Our state’s politicians praise unrestricted free enterprise. They promise better schools, highways, economic boosterism and support for children. What they have delivered is a severe reduction in tax revenue partially offset with heavy borrowing through the state transportation department to help pay state government’s general expenses. And they engage in antics that waste time, money and the state’s reputation in every quarter of the land.
What indeed is the matter with Kansas?
One answer is that Kansas is becoming the land that time forgot. Since the 1940s, Kansas’ population has grown 0.8 percent per year while the nation as a whole has grown at 1.9 percent per year. If we had matched the national average, Kansas would have a current population of 4.3 million – and six seats in the U.S. House. Instead, we are 2.9 million in number and are much less diverse than the rest of the country.
Since the 1980s our population growth has only slightly exceeded the natural increase arising from the difference of births over deaths. This is pretty clear circumstantial evidence that people are migrating to Kansas in numbers insufficient to change our colors, faiths or attitudes.
On that subject, we keep pumping out about 40,000 degree or certificate awardees annually but our labor force declined by 1.1 percent from the peak in 2009 to 2013. The decline in our unemployment rate, much ballyhooed by conservatives, occurred not because of a measly 10,000 new jobs since the recessionary low of 2010 but because our workforce has contracted.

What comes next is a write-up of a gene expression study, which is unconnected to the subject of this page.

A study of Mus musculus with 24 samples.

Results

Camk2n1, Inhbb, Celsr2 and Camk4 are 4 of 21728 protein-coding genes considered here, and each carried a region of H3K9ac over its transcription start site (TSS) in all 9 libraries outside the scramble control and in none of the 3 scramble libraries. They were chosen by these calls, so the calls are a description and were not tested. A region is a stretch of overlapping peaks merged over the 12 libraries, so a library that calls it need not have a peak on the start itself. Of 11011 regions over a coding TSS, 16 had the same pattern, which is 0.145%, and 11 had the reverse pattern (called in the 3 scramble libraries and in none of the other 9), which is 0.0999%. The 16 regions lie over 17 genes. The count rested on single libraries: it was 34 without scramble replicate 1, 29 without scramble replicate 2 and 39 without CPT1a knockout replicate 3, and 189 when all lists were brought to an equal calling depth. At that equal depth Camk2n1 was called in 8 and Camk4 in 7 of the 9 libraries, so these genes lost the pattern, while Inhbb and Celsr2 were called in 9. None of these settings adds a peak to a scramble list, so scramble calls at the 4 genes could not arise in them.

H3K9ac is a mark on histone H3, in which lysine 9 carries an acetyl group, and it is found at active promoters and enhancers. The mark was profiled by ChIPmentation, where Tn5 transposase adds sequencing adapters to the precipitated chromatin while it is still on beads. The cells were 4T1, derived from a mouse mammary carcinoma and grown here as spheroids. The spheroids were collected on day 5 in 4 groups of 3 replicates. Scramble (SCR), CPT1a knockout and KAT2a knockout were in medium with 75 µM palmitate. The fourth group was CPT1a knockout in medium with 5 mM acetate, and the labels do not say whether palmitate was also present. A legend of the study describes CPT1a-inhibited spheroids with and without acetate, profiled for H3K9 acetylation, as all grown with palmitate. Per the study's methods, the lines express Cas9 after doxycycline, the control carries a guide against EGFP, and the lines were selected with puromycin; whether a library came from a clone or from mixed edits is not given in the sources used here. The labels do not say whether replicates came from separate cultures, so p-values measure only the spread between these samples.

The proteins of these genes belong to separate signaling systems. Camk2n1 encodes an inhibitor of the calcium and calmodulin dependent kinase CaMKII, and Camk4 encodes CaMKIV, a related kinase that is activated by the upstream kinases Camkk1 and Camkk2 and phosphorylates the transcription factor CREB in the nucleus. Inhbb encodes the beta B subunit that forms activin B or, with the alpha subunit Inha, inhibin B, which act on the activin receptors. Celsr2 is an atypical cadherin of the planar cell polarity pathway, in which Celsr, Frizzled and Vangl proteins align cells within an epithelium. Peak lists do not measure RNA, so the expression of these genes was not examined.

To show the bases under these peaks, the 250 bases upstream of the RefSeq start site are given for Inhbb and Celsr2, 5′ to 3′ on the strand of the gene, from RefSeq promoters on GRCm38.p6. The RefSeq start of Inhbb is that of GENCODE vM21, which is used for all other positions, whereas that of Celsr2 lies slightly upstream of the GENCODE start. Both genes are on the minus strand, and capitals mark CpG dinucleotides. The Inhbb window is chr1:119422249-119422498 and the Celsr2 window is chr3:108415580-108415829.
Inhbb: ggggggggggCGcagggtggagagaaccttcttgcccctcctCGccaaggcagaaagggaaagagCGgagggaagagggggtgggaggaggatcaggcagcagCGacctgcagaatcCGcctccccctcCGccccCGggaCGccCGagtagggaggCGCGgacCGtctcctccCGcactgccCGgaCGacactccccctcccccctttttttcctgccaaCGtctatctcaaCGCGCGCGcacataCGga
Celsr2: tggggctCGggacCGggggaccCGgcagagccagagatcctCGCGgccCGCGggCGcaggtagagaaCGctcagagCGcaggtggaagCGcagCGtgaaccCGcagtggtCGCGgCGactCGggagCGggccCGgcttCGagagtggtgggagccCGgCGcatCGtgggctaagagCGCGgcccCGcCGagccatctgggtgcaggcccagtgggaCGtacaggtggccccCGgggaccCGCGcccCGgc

Social Security retirees have grown just as demographics predict, but those retiring from the workforce with disabilities have jumped nearly 30 percent from a bit fewer than 58,000 in 2007 to nearly 75,000 in 2012. Our best and brightest head for more favorable territories, while the less adventurous and more decrepit stay behind.
Those Kansans who are inward-looking, resistant to the trends of the ever-changing national culture, and convinced that hellfire and judgment are not far off are the most motivated public citizens in the state’s polity. Those Kansans with a more outward-looking and future-oriented view have been largely passive or ineffectual.
It’s not original to state that the rewards of politics go to the active and involved. For now the winners are on the angry right. But public opinion seems to crave a centrist, progressive vision. Can the energy be found to make it happen?